Alert / Retirement
Last-minute stimulus impacts retirement plans

On Dec. 27, 2020, Congress and President Trump enacted the Consolidated Appropriations Act, 2021 (the “CAA”), which includes provisions impacting retirement plans. The CAA provides relief to employers with temporary reductions in their workforce, disaster relief, and relief for money purchase pension plans.

Partial plan termination relief
As many employers were compelled by financial necessity or local regulation to shut down and reduce their workforces, often temporarily, the impact on their retirement plans was significant. As a result, many plan sponsors incurred what is known as a partial plan termination, which requires a plan to fully vest affected participants if their turnover rate was 20% or more. Under the CAA, however, a plan will not experience a partial termination during any plan year that includes the period beginning on March 13, 2020, and ending on March 31, 2021, if the number of active participants covered by the plan on March 31, 2021, is at least 80% of the number of active participants covered by the plan on March 13, 2020. This will be especially helpful to plan sponsors who temporarily experienced high turnover, furloughs and layoffs due to the COVID-19 pandemic.

Disaster relief
The CAA includes disaster relief provisions allowing defined contribution plan participants who live in a qualified disaster area and who have sustained an economic loss by reason of a qualified disaster to take a tax-favored disaster withdrawal and distribution, borrow money from a plan, and suspend loan repayments on new or existing plan loans.

The disaster relief applies to major disasters (except any coronavirus-related disaster) declared from Jan. 1, 2020, and ending on Feb. 25, 2021. This will apply to the California wildfires occurring in late summer and early fall of 2020 and a number of hurricanes, including Laura and Sally. Although these types of disasters may also satisfy existing preconditions in the plan for taking a hardship withdrawal, the CAA allows for increased dollar amounts and repayment rights, that would not be available for regular hardship withdrawals. The following relief is available to impacted participants:

  • TAX-FAVORED DISASTER WITHDRAWALS — A participant may take a tax-favored withdrawal from their defined contribution plan (including an IRA) of up to $100,000, not subject to the 10% penalty that normally applies to early withdrawals. The $100,000 limit must be applied across all plans maintained by the employer and members of its controlled group. These will be available until June 25, 2021. A participant who takes the withdrawal may elect to include the distribution in taxable income over a three-year period and/or pay back the distribution to an eligible retirement plan within the three-year period. A participant who chooses to repay is treated as having received the distribution in an eligible rollover distribution and then directly transferring it tax-free to the eligible retirement plan.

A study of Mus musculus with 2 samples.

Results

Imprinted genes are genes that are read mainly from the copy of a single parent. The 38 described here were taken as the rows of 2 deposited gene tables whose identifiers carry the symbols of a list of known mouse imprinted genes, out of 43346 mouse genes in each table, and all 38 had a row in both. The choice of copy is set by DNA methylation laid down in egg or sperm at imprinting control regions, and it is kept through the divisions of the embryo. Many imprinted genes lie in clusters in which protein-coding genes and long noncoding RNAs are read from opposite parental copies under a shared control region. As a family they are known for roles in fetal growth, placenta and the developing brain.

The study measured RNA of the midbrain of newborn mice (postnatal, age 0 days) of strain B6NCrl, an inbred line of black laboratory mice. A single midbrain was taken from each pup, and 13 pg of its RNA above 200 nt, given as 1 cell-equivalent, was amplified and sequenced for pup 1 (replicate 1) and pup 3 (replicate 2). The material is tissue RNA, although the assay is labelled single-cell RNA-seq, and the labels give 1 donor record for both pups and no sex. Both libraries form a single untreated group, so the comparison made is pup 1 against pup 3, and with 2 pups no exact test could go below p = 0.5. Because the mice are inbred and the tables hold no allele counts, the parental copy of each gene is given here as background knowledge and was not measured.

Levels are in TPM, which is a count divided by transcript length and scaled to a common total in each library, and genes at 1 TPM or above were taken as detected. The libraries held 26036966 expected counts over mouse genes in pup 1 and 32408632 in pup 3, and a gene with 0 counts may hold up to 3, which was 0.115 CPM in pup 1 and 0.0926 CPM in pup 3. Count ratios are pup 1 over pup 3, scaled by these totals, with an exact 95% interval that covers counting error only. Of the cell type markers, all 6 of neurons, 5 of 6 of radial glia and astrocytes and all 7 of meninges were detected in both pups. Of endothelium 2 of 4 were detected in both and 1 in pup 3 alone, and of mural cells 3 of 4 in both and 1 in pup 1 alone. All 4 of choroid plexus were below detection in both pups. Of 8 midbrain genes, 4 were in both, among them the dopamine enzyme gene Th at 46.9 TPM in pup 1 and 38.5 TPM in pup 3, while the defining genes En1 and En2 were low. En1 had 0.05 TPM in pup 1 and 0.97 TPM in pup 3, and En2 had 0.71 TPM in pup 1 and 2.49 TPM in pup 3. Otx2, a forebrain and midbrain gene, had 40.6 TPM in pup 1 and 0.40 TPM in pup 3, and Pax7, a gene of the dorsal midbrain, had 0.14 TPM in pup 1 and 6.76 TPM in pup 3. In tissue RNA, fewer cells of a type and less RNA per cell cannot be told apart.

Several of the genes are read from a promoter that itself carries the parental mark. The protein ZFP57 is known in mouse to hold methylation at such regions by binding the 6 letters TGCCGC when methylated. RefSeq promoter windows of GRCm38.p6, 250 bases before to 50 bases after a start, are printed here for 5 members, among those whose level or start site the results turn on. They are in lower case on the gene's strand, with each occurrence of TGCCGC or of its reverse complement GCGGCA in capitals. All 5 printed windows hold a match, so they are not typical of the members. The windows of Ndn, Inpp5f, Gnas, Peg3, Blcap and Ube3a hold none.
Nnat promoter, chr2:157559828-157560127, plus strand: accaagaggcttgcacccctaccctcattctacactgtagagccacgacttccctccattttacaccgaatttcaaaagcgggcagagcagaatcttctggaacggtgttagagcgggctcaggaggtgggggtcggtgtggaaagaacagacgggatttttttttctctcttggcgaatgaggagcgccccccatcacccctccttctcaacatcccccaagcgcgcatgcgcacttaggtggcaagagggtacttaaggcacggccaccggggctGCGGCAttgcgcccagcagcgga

• RECONTRIBUTION OF CERTAIN HARDSHIP WITHDRAWALS — The CCA allows a defined contribution plan participant who took a hardship withdrawal to purchase or construct a principal residence to recontribute the distribution to an eligible retirement plan if they could not use it because of a qualified disaster in the area where the home was located or was to be constructed. The participant must recontribute the hardship withdrawal before June 25, 2021.
  • INCREASED PLAN LOAN LIMIT AND EXTENSION OF PERIOD TO REPAY – The CAA allows qualified individuals to obtain loans increased to the lesser of $100,000, or 100% of the participant’s vested account balance, instead of the $50,000 and 50% vested account balance limits that normally apply. This applies for loans made from Dec. 27, 2020, to June 25, 2021. The CAA also provides relief for new and existing loans by delaying repayments up to June 25, 2021. The additional year would be ignored for purposes of applying the maximum five-year term on normal loans. When payments start, they are reamortized to incorporate interest accrued during the suspension period.

Money Purchase Pension Plan CARES Act distributions
In a bit of a thanks for nothing, the CAA finally amends the CARES Act to allow coronavirus-related distributions from money purchase pension plans. This was an oversight by the CARES Act, and is retroactive to March 27, 2020 when the CARES Act was passed. Unfortunately, the deadline to take a coronavirus-related distributions was Dec. 31, 2020, so this only gave a four-day window to allow plans and participants to take advantage of the clarification.

Amendment Deadline
Plan sponsors wishing to implement these changes will need to do so on or before the last day of the first plan year beginning on or after Jan. 1, 2022 (Dec. 31, 2022, for calendar year plans).

Summary
Overall, the CAA provisions related to partial plan terminations are very welcomed and should aid many plan sponsors who, through no fault of their own, were required to navigate those costly rules. There are still several needs that retirement plan sponsors have related to COVID-19. Hopefully Congress will consider them early in the 2021 legislative session. Glaringly missing from the CAA was the severely needed defined benefit plan funding relief that plan sponsors have been requesting for months. Should you have any questions regarding the CAA and its impact on your plan, please contact your Lockton Retirement Services team.